U of M professor helps author climate change report

ST. PAUL, Minn. – A University of Minnesota professor is one of the authors of the new Federal Climate Assessment Report.

Paul Bolstad, a professor of Forest Resources, co-wrote the report, which is has been required by Federal Law since 1990.

The report is intended to be issued every four years, but the 2014 Climate Assessment is only the third issued. The report clearly falls on the side of Climate Change (formerly called global warming) as a fact and blamed on human activity.

"It is pretty unequivocal in this report that humans are causing climate change," said Bolstad. "There is really no question. The science is as sure as the science from cigarettes causing cancer."

Although the assessment is an examination of global and U.S. impacts, Bolstad said there are "pretty clear signals" for the Upper Midwest.

"One of the things we will see, at least on the water side, is much greater water use and water demand," said Bolstad. "Higher temperatures, these trees or vegetation will use more water. One of the big trees will use 200 gallons of water in a day and at higher temperatures they use more water.

"The other thing is that the growing season is getting longer. With a longer growing season, there is just more time for them to use water. We will see a greater incidence of water shortages. Another thing that is happening with climate change is we will see longer droughts."

The assessment notes the longer growing season which will benefit some crops, but adds that any benefits will be offset by more extreme weather events. Minnesotans will notice basic changes in the state.

"The vegetation, the animals that we have here will be much more like what we see in central Missouri," said Bolstad. "Aspen and birch, really in dense patches, migrating out of northern Minnesota. You go up to the Boundary Waters and you will have more oaks and maples. It will look at lot more like central Minnesota than like the Boundary Waters.

"Cold-adapted species, like the Moose, will be disappearing out of northern Minnesota. (There will be) more bass and fewer trout. The fish species that really require cool, well-oxygenated waters will have a harder time, especially in streams."

Bolstad pointed out that 70 percent of Minnesotans live in cities. He said the impact there will be noticeable including "higher electricity bills because of greater peak energy use."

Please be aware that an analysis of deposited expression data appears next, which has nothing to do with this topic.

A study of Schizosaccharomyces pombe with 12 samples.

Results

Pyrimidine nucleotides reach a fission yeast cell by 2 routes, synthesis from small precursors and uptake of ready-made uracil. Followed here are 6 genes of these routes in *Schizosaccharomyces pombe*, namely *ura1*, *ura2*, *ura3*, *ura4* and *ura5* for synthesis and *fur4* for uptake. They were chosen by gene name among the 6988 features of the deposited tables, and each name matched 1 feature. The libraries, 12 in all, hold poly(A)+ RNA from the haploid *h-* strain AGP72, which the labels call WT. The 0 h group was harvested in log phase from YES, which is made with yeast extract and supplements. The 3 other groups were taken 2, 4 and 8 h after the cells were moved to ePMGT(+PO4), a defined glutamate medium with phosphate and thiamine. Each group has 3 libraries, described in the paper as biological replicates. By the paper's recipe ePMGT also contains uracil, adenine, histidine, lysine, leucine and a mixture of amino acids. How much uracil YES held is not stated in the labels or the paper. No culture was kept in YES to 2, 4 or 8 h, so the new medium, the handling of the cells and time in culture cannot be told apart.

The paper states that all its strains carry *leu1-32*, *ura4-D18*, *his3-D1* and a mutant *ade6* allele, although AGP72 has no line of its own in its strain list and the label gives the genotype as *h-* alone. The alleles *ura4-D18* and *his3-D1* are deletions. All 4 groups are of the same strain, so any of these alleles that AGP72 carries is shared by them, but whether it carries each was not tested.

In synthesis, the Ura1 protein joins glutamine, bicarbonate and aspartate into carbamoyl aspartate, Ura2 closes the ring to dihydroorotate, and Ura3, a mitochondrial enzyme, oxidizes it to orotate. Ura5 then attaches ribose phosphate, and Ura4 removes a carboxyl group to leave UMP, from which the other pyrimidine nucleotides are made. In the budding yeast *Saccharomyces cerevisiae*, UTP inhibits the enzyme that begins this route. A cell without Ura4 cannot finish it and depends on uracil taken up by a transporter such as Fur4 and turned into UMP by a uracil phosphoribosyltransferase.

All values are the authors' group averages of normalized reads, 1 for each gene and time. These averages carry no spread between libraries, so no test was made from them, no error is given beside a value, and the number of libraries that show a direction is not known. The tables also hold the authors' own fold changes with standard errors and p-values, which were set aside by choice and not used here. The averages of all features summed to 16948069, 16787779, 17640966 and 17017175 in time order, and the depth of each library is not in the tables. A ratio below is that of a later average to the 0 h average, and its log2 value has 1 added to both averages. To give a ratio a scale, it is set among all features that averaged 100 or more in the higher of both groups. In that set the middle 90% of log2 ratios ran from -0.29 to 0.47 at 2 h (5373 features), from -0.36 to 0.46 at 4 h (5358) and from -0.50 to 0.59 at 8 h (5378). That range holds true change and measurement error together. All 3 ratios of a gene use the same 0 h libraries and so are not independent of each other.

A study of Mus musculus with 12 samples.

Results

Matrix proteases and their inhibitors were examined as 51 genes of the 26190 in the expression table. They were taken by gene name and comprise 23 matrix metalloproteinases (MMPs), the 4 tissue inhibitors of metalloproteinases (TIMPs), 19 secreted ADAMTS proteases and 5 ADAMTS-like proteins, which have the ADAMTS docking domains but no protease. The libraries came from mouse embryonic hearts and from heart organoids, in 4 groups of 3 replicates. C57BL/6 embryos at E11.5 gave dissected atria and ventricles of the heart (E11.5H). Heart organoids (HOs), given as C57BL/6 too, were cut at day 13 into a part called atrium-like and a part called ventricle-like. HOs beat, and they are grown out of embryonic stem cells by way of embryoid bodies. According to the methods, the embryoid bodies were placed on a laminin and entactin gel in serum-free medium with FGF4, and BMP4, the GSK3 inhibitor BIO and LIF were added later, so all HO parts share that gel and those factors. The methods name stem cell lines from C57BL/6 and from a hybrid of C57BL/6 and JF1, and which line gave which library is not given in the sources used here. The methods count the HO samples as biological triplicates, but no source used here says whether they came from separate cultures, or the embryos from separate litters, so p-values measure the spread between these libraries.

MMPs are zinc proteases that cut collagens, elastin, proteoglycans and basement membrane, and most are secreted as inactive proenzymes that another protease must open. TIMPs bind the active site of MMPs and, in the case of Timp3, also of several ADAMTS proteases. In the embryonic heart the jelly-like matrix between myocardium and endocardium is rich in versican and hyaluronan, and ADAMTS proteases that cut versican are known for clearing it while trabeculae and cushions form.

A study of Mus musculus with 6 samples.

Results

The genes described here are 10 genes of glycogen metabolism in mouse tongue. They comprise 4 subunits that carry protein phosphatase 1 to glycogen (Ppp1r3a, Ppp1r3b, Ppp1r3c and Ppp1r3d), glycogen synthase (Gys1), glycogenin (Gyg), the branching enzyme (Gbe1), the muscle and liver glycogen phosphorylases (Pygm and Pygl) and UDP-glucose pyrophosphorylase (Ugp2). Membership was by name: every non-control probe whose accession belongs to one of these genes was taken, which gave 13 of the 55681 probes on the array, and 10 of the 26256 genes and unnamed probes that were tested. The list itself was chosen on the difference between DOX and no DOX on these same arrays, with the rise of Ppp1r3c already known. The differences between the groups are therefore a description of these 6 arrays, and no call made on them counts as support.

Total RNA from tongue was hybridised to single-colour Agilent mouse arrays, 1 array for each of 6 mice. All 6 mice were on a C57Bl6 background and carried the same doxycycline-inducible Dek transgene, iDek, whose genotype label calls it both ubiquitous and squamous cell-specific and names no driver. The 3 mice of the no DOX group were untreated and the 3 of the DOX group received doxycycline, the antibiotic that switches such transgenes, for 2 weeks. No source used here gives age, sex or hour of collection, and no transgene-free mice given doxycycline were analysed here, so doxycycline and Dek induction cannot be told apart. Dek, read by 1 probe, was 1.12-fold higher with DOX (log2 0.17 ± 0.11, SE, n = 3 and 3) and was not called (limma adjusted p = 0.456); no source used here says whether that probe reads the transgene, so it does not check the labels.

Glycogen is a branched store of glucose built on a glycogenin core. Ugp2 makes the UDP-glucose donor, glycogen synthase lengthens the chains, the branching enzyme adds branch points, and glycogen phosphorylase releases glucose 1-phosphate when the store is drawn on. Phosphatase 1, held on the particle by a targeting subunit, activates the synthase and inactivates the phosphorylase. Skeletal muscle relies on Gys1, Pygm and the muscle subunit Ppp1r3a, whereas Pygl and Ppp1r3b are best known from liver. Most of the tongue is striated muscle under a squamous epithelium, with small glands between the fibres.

"The storms we had in 2012 up in Duluth or back in 2007 down in southeastern Minnesota that caused billions of dollars in damage are the sorts of things we are going to see more of," said Bolstad. "So, culverts, for example, will have to be resized because our 15-inch rain will not be a rare thing anymore in Minnesota."

State Extension Climatologist and U of M Professor Mark Seeley agrees about the more intense rain storms and adds more personal human situations to the mix of troubles.

"We are subject to more frequent summer heat waves because of the high tropical dew points," said Seeley. "The water vapor content of the atmosphere getting greater and therefore spiking the heat index.

"Our mold and allergen season has been extended by this temperature change. So, we have a wider window on the calendar that we have more of our population suffering from molds and allergens and things like that."

Seeley appreciated that the new assessment does not take a cookie-cutter approach to all areas of the country.

"There is no pretense about climate change being uniform or having uniform consequences, but it also describes the differences among the regions and things like that," said Seeley.

However, Seeley said doing something about the climate change in the assessment will not be easy or simple.

"To actually do something that will have an impact will take a lot of money and a long time and people have to change habits," he said.